Wednesday, May 11, 2016

Sindhi Papad


Vikram Doctor curates a very high-quality food podcast. A week or so ago, he called to ask me if I could tell him something about Sindhi papad. I was reluctant because, though I have written a book about Sindhi stories and all, I don’t really know that much. To be honest, I do enjoy my papad, but it is not a tradition from childhood meals or anything like that. I told him I’d try and find out what I could and a few days later told him what I’d found out.
When I listened to the podcast, I must say I was impressed with the depth of Vikram Doctor’s research. At the low end of the spectrum was my own voice – embarrassingly pontificating. There was also one moment in one of the podcast interviews which I felt was unduly facetious. There’s a fairly widespread tendency to mock Sindh and Sindhis and I feel it is necessary to avoid anything low and of that nature.
Papad is certainly a Sindhi staple – that much even I know. But not everyone understands the strength that this simple staple embodies.
Angan of a joint family in Sindh
Watercolour on art paper by Menghraj Talreja (b1924)
Collection of Sanjay and Barbara Mohinani
In the old days in Sindh, papad was made at home. Women and children worked together in the angan, the courtyard, of the family home making the dough and rolling it out and laying it on mats to dry.
After Partition, families splintered, people moved to new homes and took time to settle down. Many enterprising women of families who had suddenly lost everything and had no means of income started making papad and pickle at home and walked from door to door, selling their produce to the better-off Sindhis in the towns and cities where they – equally displaced and confused – had settled, but not settled sufficiently to be making their own papad yet. Papad-making is a tedious and time-consuming process, and very soon more and more families were outsourcing from the displaced women who made it their profession.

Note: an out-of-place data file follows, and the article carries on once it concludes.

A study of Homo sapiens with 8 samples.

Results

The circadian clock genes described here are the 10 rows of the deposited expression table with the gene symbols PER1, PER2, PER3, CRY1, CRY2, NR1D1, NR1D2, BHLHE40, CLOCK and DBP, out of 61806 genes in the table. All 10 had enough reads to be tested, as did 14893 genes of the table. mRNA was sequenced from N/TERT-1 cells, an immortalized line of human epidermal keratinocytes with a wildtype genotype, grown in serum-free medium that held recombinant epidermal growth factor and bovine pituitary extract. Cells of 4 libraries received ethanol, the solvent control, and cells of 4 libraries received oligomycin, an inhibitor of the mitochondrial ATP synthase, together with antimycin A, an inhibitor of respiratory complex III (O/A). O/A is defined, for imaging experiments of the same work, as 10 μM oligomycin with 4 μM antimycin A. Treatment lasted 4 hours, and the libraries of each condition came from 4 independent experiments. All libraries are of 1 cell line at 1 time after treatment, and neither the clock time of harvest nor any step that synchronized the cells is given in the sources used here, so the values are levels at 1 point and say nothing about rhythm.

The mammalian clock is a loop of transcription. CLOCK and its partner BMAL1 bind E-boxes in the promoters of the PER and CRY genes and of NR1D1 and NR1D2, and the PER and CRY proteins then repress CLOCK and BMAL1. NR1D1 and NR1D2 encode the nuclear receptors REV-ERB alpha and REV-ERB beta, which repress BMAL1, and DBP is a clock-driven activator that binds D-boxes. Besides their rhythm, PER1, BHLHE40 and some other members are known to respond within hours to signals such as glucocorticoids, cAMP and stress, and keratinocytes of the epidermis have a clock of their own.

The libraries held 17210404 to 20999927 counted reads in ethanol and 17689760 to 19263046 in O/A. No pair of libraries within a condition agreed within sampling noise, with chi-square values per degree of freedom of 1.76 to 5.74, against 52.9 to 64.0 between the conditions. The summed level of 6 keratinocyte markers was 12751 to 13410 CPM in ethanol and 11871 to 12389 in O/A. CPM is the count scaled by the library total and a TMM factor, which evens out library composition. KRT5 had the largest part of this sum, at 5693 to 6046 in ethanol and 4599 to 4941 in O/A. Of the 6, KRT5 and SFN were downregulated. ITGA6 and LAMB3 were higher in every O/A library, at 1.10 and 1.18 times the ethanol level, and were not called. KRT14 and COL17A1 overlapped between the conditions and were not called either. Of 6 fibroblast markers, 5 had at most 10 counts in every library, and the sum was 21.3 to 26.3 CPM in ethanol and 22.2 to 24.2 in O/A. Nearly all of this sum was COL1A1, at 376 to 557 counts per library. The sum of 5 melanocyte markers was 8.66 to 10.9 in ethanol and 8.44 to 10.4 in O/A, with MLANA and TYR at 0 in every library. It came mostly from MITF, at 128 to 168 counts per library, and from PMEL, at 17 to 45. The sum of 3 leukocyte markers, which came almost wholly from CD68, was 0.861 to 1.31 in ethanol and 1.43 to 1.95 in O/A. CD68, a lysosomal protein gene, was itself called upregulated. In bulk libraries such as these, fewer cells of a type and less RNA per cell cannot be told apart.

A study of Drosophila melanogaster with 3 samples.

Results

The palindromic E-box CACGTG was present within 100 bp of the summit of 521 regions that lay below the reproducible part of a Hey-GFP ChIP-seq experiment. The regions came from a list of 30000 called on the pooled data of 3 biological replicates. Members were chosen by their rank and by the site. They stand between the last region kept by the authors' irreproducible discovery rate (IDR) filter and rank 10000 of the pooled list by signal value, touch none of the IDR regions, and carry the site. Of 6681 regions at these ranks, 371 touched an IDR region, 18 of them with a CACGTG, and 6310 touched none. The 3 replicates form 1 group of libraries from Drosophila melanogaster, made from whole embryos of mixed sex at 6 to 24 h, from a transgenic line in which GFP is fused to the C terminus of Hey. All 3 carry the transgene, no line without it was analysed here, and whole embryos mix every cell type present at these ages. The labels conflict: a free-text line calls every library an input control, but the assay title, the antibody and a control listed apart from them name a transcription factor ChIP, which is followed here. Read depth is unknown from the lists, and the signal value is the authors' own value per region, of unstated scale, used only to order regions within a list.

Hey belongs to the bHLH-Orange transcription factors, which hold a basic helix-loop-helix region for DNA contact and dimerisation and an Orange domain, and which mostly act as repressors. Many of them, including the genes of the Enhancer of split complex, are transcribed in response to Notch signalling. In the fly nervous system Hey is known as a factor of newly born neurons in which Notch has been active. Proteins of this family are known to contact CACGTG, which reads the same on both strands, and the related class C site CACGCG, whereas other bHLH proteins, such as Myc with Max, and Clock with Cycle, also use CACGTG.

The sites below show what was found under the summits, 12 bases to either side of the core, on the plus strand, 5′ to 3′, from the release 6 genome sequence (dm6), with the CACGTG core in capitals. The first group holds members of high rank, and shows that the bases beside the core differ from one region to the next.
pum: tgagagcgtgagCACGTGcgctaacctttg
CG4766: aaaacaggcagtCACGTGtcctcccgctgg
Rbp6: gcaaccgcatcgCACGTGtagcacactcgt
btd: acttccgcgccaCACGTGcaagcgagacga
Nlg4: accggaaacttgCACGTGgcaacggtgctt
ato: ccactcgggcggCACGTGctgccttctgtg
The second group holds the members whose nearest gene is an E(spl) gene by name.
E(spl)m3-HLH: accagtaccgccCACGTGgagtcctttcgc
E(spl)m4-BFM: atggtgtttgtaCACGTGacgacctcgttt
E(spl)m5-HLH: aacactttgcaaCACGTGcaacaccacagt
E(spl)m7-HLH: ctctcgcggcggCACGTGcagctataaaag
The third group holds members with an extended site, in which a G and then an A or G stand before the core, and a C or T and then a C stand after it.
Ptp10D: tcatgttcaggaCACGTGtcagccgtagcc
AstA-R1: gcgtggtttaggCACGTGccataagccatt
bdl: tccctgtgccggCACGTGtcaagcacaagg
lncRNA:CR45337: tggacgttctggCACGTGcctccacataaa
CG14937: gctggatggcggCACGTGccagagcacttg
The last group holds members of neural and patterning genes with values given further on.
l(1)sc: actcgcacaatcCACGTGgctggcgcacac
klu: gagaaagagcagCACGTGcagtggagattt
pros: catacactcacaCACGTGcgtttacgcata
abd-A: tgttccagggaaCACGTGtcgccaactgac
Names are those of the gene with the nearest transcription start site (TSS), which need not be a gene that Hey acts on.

Papad is eaten and enjoyed all over India but for the people of Sindh it has always been a staple. Sindhi hospitality is famous – when a Sindhi family is expecting a visitor, the first thing on their minds is what they are going to serve to eat and drink. A guest to a traditional Sindhi home would be greeted with papad and a glass of water, and this would invariably be followed by something more elaborate.  
Nobody seems to know the origins of papad but in a dry and blazing hot province of very little rainfall, in a time before refrigeration and air-conditioning, before even the waters of the bountiful Indus were diverted into a widespread irrigation system, it’s easy enough to imagine the process of evolution by which papad naturally emerged from leftovers in Sindhi kitchens!
The most common Sindhi papad is made with a mixture of urad dal spiced with lots of black pepper. Some people add jeera, hing and other flavours. The stiff dough is rolled out into circles like extra-thin rotis, placed on mats and dried in the sun. The papad is usually roasted on a flame and eaten, but on special occasions it is deep fried.
Goodies on sale outside Kailash Parbat, Mumbai
Sindhis also make wadi, kheecha and kachri which are different kinds of dried ready-to-fry goodies. Wadis are little nuggets of dal ground up and dried in the sun and they can also be added to gravy dishes. Kheecha are also papad, but made with rice or sago. Elderly Sindhi women relish their memories of eating deep-fried miteranji kachri with saeebhaji-khichdi, one of the most popular Sindhi meals. In Sindh, kachri was made from traditional Indian vegetables like bhindi, gawar, karela and padwal, spiced with salt, chilly powder, amchur and other flavours, and dried in the sun. Nowadays, vegetable kachri is rare and the terms kachri and kheecha tend to be interchangeable.
Roasted papad is a must at each meal in a traditional Sindhi family. Even breakfast of loli or alu-mani, or syel mani is always followed by papad. Papad is such a strong habit to many Sindhis that they absolutely must eat it with every single meal.
Among the Sindhi Bhaiband community which has trading outposts in every port across the globe, papad is rolled, dried, packed in the home country and sent out to the men in distant lands. In the early pioneering days of the community, they bootstrapped in faraway countries, enduring hardship and working to earn money for their families at home. They often had cooks who took care of their meals, but papad was rare. As they became prosperous, they could eat whatever they wanted and often arranged for consignments of papad from home.